In a permanent state of change, Readymag has inevitably accumulated some surface and structural inconsistencies. Even a single improvement may lead to controversies in the other parts of the interface, which is partially normal for products as complex as Readymag. Sooner or later, all such products need a thorough refresh that encompasses the entire system.
The refreshed Readymag interface is more uniform and has a simpler structure. All panels are now at the surface layer, accessible in just one click. Nothing is hidden unless absolutely necessary. Although no changes were made to the widget settings and their properties, we’ve shuffled the position of ‘first level’ panels (Pages, Devices, Widgets, Grid&Guides, etc) and tweaked a few niceties along the way. These panels serve as the very first points of contact for newcomers exploring the Readymag Editor. They also pave the way to start using the tool smoothly.
So, let’s look at the most crucial UI changes up close and dig deeper into where they all came from.
Article credits: Stas Aki, product designer at Readymag
Left and right docks
The new Editor interface is symmetrical. As of now, it includes two docks: the left dock with ‘material’ stuff (pages, devices, and widgets) and the right dock with settings related to structure and planning (cursor modes, grid, project settings, and a set of learning resources).
With all the panels expanding from the docks at the bottom of the interface, Readymag is now especially convenient for those using it on iPad. Now they can access any control just with their fingers and won’t cover page content with their hands anymore.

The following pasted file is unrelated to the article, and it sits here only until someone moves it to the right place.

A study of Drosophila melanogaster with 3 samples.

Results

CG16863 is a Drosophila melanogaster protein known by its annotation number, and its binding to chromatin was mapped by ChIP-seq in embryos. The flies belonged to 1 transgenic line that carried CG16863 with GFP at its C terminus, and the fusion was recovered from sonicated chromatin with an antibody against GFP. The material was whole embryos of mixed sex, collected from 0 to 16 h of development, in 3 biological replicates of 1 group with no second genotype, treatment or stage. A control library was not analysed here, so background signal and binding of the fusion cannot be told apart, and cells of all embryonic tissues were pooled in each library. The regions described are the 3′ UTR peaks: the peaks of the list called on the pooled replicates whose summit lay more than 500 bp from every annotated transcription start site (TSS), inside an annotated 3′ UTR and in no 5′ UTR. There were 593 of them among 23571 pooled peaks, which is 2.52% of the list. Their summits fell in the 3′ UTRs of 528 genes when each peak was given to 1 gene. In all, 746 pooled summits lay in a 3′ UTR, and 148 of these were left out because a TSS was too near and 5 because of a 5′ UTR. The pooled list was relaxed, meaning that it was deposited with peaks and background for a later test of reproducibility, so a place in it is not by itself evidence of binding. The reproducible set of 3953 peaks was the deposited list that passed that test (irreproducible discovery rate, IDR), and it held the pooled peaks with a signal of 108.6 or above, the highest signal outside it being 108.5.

Both docks have five buttons each. Like humans have 5 digits per hand.
The docks also resemble the front of a car with their symmetry.
‘Go to Profile’ button with the left thumb
The ‘Go to Profile’ button is now accessible in one click and placed intuitively at the left bottom corner where you would expect. In the previous version, it was only available after opening the Pages/Settings menu.
The left dock
As you see, we’ve split the Pages and Project Settings panels. Previously, both panels were merged into a single button that split into two on click. Now the Pages panel is on the left dock, the second tab counting from the left.
In the old version of the interface, the Page/Settings panel used to overlay the right side of the page. This meant some content might be covered. Now, this area is left clear during left dock interactions.
Devices (previously Viewports) remained in the left dock with a few visual tweaks.
The Layers panel also remained in the left dock without any changes.
The right dock
Blocks has been moved out of the Grid panel and turned into a brand new Modes menu, neighboring the Lock layout option.
As Guides&Grid settings have become more frequently used, we took them out of the Layers panel and added them to the top level of the right dock. They’re now available in just one click.
The most important change in the Project settings panel is that we moved the Viewer settings to Preview mode. Now, you can see all the viewing changes instantly on a published project. Export to PDF, HTML, and iFrame has also been moved to Preview mode.
‘Preview’ button with the right thumb
Down here on the right is the Preview button. According to Fitts’s law, the corner position is the most quickly accessed target on the screen. Consequently, it makes for more habitual usage.
So, now there is a strict left-to-right flow in the app: Back to Profile is on the left, while the Preview button is on the very right with a set of design tools in between.
Once the design is done, users can simply hit the corresponding button on the right to preview their project.
Viewer settings and the Export tab, as mentioned earlier, have been completely shifted into the Preview mode.
And a tiny pleasant detail: the icons in both docks are now animated on hover, which makes the interface feel more alive and responsive.
A human-centered interface
The idea of human hands with their ten fingers behind the user interface layout (Latin digiti meaning fingers) struck me. Perhaps, such a tool for handcrafting the web as Readymag has more claim to this association than any other design product. At least, I believe so.
We at Readymag hope you enjoy this fresh coat of paint for the Editor. As usual, we’re more than happy to hear your feedback at email@example.com.